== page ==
Panuchos, a Yucatan Treat

Like so many other regions in Mexico, the Yucatan serves up some unique dishes, including one of our favorites – panuchos. Perhaps one of the reasons we love this area is because it’s where we’ve found the fieriest sauces. In fact, habanero peppers are the norm here and in a sauce drizzled across the top of a plateful of panuchos, you’ll find out how tough you really are. Pickled red onions are another required condiment for this dish – and one that you may find on the Yucatan tables every day.

Don’t be put off by the habaneros, though. Most of our friends and family can’t handle them and I’ve left them out here as well. Instead, I’ve substituted a fresh salsa and slipped in diced jalapenos for those who want a milder bite.

Another sacrifice is in our pickled red onions – no bitter oranges to be found, so a blend of orange juice, lime juice and red wine vinegar will have to suffice. I highly recommend trying it, though, because it’s nearly a requirement to serve with panuchos. You’ll see how nicely it can be paired with other dishes as well.

Typically, panuchos are puffy fresh corn tortillas stuffed only with pureed black beans, unlike their more robust counterparts, pupusas from El Salvador. Toppings can be anything you desire, but a shredded chicken breast provides flavor while lettuce and the pickled onions add crunch. With each bite, you’ll discover a burst of flavors to appease all the taste buds and senses!

I’ll break down the ingredients, so you can make as few or as many as you like. We’ll start with the pickled onions, then on to the corn tortillas and then the process of preparing panuchos. This is a wonderful adaptation that anyone can make, even without all the “authentic” ingredients you’d find in the Yucatan.

Pickled Red Onions
(about 3/4 cup)

For the bitter orange (naranja agria) substitution use:
2 parts orange juice
1 part lime juice
1-2 tablespoons red wine vinegar.

For this recipe, I added:
-1/4 cup orange juice (freshly squeezed)
-2 tablespoons lime juice
-1 tablespoon red wine vinegar

This was enough to cover 1/2 medium red onion (cebolla morada)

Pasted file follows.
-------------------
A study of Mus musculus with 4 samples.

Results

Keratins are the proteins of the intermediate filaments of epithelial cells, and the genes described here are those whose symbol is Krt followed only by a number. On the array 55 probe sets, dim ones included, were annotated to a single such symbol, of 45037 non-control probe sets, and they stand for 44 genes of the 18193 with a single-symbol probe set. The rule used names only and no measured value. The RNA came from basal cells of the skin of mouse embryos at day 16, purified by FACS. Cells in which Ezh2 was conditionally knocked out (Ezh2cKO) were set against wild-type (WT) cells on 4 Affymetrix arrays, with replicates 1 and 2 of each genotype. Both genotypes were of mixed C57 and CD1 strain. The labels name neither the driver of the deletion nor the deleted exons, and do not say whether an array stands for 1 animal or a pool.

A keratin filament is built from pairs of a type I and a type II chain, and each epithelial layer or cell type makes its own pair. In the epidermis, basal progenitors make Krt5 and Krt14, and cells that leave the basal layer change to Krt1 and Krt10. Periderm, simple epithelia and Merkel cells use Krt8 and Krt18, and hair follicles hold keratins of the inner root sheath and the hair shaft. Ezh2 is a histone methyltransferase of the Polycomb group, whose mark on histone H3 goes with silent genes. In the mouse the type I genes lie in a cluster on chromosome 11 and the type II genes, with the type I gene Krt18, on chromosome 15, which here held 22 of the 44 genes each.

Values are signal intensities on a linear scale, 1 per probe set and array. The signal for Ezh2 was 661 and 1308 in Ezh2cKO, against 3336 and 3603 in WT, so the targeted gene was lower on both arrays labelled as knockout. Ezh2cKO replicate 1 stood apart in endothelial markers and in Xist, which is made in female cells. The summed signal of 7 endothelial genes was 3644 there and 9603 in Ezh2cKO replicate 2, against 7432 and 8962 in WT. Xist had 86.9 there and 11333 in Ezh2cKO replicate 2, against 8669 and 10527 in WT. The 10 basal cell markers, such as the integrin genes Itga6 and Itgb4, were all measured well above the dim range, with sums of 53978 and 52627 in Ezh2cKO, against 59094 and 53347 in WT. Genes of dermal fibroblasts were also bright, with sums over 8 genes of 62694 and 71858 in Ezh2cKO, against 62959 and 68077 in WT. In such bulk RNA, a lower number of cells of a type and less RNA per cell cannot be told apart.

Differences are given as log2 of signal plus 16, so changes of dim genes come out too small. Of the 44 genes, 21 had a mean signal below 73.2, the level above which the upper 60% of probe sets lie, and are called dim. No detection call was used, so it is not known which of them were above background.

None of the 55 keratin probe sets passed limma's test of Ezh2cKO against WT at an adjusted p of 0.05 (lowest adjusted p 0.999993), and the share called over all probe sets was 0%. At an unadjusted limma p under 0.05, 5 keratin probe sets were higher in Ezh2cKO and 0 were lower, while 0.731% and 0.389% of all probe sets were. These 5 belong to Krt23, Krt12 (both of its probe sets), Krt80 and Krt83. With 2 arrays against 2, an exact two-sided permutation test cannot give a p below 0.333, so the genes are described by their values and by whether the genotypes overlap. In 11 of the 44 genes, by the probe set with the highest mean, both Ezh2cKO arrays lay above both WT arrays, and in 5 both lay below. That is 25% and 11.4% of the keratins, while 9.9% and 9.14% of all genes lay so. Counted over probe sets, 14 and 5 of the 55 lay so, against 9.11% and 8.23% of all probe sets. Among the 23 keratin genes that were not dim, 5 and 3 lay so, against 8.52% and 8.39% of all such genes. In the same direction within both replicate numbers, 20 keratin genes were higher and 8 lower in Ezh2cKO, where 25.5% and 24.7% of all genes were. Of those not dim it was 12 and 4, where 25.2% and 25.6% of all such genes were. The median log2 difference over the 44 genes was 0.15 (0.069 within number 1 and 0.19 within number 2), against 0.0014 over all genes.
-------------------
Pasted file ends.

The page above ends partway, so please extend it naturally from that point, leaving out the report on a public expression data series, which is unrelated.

Make ahead of time to let flavors incorporate. Keep in the fridge for 7-10 days.

Corn tortillas:
Makes 6 (a serving is 2 each)

– 1 cup masa harina
– 2/3 cup warm water
– pinch of salt

Add a little salt to the masa. Then, slowly add warm water – more or less as needed. For panuchos, you may find they work best on the moist side. Knead gently and let sit, covered, for about 15 minutes.

Use your hands or a press and create tortillas about 4 inches in diameter. They should be a little thicker than usual, so there’s room to puff up. Wet your fingers and press them down around the edges to help make them puffier.

3 servings of 2 tortillas each

6 corn tortillas
1/2 cup pureed black beans (from canned or dry stock)

-1/2 boneless/skinless chicken breast, seasoned, boiled and shredded in coarse
-shredded lettuce
-avocado slices
-cucumber slices
-fresh salsa
-pickled onions

-Heat a dry cast iron skillet (comal) to medium. Add one or two fresh corn tortillas. They’ll require a longer cooking time – turn them once and let brown, then turn again for the puffing.

-Remove from heat and let cool.

-Heat precooked pureed black beans.

-Using a sharp knife, make a good 2-3 inch slit on top about 1/2 inch in from the edge. Use fingers, if necessary to create a larger pocket.

-Fill with two teaspoons of black bean puree. Smash down to spread inside tortilla.

-In a regular skillet add about 3-5 tablespoons of oil and bring to high heat.

-Add filled tortillas and cook about 30 seconds on each side; then drain on paper towels.

They’re ready to serve with any or all of the above toppings. Load ’em up and enjoy!

A couple of tips:
-Don’t worry if some don’t puff. You can pop them in the microwave wrapped in a dry paper towel and that should do the trick.
-After the chicken breast has come to a boil, reduce to simmer. Cooking at high heat breaks down protein.